The Confederate and Neo-Confederate Reader: The "Great Truth" about the "Lost Cause"
James W. Loewen
Most Americans hold basic misconceptions about the Confederacy, the Civil War, and the actions of subsequent neo-Confederates. For example, two thirds of Americans―including most history teachers―think the Confederate States seceded for “states’ rights.” This error persists because most have never read the key documents about the Confederacy.
These documents have always been there. When South Carolina seceded, it published “Declaration of the Immediate Causes Which Induce and Justify the Secession of South Carolina from the Federal Union.” The document actually opposes states’ rights. Its authors argue that Northern states were ignoring the rights of slave owners as identified by Congress and in the Constitution. Similarly, Mississippi’s “Declaration of the Immediate Causes …” says, “Our position is thoroughly identified with the institution of slavery―the greatest material interest of the world.”
Later documents in this collection show how neo-Confederates obfuscated this truth, starting around 1890. The evidence also points to the centrality of race in neo-Confederate thought even today and to the continuing importance of neo-Confederate ideas in American political life. The 150th anniversary of secession and civil war provides a moment for all Americans to read these documents, properly set in context by award-winning sociologist and historian James W. Loewen and co-editor, Edward H. Sebesta, to put in perspective the mythology of the Old South.
Had resolved the issue of slavery. Slavery now seemed an idea whose time had passed. All other Western nations had already abolished the practice when the United States did so in 1865, except Brazil.3 No major political leaders suggested undoing the Thirteenth Amendment. With slavery over, some former owners were initially ambivalent about their former workers. Asked by a congressional committee on Reconstruction what Virginia should do with its African Americans, Robert E. Lee says, in.
Her in that cold spring of 1866, Scarlett realized what was facing her and the whole South. She might plan and scheme, she might work harder than her slaves had ever worked, she might succeed in overcoming all of her hardships, she might through dint of determination solve problems for which her earlier life had provided no training at all. “But for all her labor and sacrifice and resourcefulness, her small beginnings purchased at so great a cost might be snatched away from her at any minute.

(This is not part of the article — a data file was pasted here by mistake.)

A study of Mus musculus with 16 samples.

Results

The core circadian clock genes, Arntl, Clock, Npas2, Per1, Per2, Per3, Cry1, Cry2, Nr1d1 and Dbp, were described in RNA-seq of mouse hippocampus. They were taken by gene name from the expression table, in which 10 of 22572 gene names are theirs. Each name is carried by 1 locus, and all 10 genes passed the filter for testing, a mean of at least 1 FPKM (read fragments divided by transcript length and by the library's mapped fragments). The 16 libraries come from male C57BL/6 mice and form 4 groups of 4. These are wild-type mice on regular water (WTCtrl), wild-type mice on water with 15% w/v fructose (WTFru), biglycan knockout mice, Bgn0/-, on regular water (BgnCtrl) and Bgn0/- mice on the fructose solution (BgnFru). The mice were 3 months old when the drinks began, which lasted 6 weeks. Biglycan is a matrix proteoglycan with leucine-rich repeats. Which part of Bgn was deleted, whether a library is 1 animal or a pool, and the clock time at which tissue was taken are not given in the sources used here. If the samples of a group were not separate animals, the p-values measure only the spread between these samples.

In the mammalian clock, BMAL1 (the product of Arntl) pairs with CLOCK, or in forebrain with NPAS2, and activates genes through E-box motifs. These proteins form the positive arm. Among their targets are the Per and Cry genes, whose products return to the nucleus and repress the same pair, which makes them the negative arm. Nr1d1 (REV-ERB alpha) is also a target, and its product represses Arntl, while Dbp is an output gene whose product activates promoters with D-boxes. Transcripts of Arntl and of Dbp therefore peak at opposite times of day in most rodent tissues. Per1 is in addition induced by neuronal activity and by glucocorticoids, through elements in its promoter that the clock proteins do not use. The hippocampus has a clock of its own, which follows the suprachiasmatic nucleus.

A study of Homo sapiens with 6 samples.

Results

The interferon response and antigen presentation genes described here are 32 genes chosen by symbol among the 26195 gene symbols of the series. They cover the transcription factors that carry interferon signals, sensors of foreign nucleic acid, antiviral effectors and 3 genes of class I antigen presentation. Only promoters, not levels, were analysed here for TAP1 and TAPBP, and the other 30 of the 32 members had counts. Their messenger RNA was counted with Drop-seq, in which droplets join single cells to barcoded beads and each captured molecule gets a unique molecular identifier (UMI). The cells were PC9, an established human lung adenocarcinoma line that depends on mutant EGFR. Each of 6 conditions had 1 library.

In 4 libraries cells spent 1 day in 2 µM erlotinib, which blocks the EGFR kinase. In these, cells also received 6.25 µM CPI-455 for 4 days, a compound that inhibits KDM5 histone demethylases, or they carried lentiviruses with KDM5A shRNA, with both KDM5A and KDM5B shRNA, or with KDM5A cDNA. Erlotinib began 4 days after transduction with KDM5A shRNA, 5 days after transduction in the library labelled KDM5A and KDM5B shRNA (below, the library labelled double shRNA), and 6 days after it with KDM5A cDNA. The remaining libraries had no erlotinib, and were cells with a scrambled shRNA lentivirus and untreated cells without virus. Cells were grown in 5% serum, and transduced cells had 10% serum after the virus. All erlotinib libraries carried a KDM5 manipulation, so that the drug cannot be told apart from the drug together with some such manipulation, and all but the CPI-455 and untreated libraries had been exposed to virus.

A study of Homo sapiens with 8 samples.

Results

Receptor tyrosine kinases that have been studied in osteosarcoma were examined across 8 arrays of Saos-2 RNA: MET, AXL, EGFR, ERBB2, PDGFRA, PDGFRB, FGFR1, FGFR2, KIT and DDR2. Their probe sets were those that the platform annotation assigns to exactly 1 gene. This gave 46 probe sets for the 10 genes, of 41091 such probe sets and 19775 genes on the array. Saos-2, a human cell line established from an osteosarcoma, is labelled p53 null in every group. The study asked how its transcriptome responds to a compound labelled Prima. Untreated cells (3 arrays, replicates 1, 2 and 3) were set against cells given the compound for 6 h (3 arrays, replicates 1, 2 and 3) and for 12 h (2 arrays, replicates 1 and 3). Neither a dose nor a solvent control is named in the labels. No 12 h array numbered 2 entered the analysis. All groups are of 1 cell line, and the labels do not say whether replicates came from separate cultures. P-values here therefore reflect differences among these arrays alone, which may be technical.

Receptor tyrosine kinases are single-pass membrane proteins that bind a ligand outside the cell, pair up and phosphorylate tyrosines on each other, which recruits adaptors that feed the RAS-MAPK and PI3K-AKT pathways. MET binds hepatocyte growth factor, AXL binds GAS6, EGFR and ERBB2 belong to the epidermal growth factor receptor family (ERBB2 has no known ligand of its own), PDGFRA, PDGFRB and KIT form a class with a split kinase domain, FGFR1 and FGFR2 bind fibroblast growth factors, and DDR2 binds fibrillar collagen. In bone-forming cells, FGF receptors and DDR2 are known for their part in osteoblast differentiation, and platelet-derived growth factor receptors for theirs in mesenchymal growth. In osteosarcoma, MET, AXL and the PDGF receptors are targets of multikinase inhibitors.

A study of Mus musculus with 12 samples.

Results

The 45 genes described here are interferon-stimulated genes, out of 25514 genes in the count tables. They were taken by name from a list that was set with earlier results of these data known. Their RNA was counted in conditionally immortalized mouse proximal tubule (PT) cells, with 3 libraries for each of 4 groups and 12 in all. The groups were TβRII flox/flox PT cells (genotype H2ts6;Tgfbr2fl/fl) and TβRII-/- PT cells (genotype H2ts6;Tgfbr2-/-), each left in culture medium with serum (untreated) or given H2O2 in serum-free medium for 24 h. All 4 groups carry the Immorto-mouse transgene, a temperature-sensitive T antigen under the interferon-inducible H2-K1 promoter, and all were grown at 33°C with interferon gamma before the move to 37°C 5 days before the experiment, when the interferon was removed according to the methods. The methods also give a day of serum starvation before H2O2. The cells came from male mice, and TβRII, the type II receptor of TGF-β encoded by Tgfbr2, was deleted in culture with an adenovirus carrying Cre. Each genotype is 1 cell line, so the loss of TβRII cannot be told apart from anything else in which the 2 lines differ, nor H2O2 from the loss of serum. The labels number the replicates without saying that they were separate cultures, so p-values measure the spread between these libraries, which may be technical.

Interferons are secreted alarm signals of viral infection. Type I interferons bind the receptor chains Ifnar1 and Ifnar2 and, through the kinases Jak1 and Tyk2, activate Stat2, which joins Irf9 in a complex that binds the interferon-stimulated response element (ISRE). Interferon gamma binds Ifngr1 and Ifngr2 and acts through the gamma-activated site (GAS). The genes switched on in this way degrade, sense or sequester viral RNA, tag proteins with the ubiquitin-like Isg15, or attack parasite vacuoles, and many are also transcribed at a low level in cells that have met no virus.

Has long cherished her Confederate history and the great leaders who made sacrifices on her behalf; and Whereas: Among those who served the Confederacy were many African-Americans both free and slave who saw action in the Confederate armed forces in many combat roles. They also participated in the manufacture of products for the war effort, built naval ships, and provided military assistance and relief efforts; and Whereas: One such soldier who made a significant contribution to the state was.
Larger, others are smaller—but the greater and superior uniformly influences and controls the lesser and inferior within its sphere. If there is any fixed principle or law of nature it is this. In the races of men we find like differences in capacity and development. The negro is inferior to the white man; nature has made him so; observation and history, from the remotest times, establish the fact; and all attempts to make the inferior equal to the superior is but an effort to reverse the decrees.
Compromise, formed by our concessions, has been trampled under foot by your Northern confederates. All fraternity of feeling between the North and the South is lost, or has been converted to hate; and we, of the South, are at last driven together by the stern destiny which controls the existence of nations. Your bitter experience of the faithlessness and rapacity of your Northern confederates may have been necessary to evolve those great principles of free Government, upon which the liberties of.